However, we Mississippians have heard enough of Lee Roy Jordan and Jim Price. Both are fine athletes, but they are finding it tough to keep up with little-known rookie Harold (Hurricane) Hays, University of Southern Mississippi.
Hays is bigger than Jordan, faster than Price and easily as "mean" on the field as either. Here's a vote for the small-college sleeper who has all the tools to make headlines, except the big buildup and the high price tag.
LIEUT. PAUL C. MORGAN JR.
Once again Tex Maule has gone against the greatest team in professional football—the New York Giants. Once again Tex Maule will be wrong.
South Orange, N.J.
A team "backed by an aging but better than adequate defense"? How can Tex Maule say that about the Giants? Does he come from Dallas?
?No, San Antonio.—ED.
After reading your pro football scouting reports, all I can say is that I had a good laugh. Two "predictions" are absurd. The first absurdity was perpetrated by Tex (he should be called Dallas) Maule, who said that the Cowboys are going to lick the Giants. The other by Tom Brody, who has the nerve to pick the top-class Boston Patriots to finish below the third-class Buffalo Bills.
Are you crazy? What do you mean, Boston Patriots in third? They are an easy second.
The recent alleged world land-speed record perpetrated by Craig Breedlove at Bonneville Salt Flats on August 5 is surely the height of nonsense, and it is time we reviewed the rules about such records.
I notice that a Lockheed designer helped out in planning this wingless three-wheeled airplane. Surely it would have been much cheaper and easier if Lockheed had simply lent Breedlove one of its Starfighters to fly over the Bonneville Salt Flats. He could have lowered the undercarriage, dived down to the measured mile and—with the two rear wheels and steerable front wheel just making visible tracks on the salt surface—driven through a measured mile. At the end of the first run he could pull up, make a turn and repeat the performance in the opposite direction. This would be a lot cheaper and would meet exactly the same conditions—but it would not be a land-speed record any more than the wingless airplane driven by Craig Breedlove.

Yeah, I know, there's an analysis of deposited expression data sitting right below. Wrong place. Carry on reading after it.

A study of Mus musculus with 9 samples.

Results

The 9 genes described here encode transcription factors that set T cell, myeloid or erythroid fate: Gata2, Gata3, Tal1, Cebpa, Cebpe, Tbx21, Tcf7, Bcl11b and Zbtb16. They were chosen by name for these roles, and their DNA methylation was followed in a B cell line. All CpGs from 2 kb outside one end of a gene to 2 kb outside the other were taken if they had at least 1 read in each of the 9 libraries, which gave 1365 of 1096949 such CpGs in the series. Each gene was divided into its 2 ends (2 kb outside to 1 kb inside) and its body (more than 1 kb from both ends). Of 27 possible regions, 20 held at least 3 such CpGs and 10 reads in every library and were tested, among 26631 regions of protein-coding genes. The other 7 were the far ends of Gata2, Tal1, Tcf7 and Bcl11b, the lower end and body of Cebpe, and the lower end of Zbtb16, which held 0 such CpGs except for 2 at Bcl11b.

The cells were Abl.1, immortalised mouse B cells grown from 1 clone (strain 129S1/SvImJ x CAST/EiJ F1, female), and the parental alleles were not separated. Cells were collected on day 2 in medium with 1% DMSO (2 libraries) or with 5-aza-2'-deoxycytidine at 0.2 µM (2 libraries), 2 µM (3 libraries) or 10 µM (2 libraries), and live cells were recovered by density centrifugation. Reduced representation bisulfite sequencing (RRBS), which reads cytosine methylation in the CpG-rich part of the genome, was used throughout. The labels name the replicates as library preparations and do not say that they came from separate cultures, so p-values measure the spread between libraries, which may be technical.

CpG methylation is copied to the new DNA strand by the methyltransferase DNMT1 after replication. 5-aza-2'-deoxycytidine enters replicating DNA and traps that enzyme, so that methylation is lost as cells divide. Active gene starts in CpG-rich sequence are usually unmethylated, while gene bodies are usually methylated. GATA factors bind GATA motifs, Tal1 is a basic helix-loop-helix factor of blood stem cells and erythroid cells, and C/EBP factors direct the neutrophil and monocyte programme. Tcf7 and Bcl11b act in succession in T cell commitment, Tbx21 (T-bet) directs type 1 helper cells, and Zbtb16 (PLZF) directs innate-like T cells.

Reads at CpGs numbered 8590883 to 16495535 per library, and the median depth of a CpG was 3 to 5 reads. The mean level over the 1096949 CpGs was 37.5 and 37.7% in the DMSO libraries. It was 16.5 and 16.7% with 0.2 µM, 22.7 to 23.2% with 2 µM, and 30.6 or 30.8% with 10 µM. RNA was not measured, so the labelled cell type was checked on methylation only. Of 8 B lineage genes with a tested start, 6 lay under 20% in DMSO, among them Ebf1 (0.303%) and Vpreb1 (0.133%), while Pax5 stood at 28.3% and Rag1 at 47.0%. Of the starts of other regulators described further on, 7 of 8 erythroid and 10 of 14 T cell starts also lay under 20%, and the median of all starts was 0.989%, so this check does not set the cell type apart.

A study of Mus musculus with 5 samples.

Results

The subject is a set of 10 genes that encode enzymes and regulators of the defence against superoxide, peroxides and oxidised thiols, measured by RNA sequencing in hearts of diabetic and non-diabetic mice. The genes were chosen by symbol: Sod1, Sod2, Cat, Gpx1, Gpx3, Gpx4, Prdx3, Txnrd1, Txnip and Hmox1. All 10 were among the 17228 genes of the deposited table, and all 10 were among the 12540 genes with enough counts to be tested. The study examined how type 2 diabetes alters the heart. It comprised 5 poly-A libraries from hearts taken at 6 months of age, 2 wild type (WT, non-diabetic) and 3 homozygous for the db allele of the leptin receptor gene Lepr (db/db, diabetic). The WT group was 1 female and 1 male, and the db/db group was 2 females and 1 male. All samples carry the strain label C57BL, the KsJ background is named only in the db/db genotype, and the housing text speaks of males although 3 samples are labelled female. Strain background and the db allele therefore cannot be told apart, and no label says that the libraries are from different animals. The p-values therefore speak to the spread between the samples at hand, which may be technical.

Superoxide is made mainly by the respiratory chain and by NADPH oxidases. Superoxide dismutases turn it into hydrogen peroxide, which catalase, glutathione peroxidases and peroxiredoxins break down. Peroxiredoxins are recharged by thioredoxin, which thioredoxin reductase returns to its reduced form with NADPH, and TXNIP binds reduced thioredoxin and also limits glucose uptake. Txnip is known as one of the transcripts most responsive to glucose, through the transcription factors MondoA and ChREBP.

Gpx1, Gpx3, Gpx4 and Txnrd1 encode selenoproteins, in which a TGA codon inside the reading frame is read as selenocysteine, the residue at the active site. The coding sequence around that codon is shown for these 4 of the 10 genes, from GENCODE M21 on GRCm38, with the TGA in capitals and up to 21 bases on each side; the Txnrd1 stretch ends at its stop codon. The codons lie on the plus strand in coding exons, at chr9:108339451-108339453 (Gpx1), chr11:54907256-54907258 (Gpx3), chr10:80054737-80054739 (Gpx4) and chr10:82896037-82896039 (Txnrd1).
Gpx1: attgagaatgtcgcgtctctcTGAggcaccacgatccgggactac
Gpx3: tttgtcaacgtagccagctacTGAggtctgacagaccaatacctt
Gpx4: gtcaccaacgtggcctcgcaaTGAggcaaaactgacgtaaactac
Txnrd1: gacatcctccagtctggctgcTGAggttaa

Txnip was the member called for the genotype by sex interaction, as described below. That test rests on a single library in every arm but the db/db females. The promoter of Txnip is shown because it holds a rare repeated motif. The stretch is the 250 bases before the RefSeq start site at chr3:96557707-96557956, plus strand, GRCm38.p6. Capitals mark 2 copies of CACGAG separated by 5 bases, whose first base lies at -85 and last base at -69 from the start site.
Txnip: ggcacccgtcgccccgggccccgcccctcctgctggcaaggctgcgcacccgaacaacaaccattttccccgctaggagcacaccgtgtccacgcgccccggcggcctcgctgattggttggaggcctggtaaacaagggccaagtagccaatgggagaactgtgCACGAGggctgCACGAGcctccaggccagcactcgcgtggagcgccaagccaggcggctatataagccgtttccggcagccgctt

Ste. Agathe-des-Monts, Que.
The recent picture of a slowly sinking VW (The Beetle Does Float, Aug. 19) needs a postscript: VWs not only float, they sail right smartly. I know, because a sailing friend of mine, Karl Staubach, has proved the point by making a trim little sailing scow from the top of a VW bus. He compared dishlike tops of all competing trucks, buses and vans and found VW first in marine design. He then bought a non-sunroof top for a song from the local junkyard, decked it over neatly and put in a scow-type cockpit, skegs, twin rudders and mast. Finished oil" with a yellow-and-red-striped mainsail, she (the XVW-BT) looks and sails like a VW owner is accustomed to expect.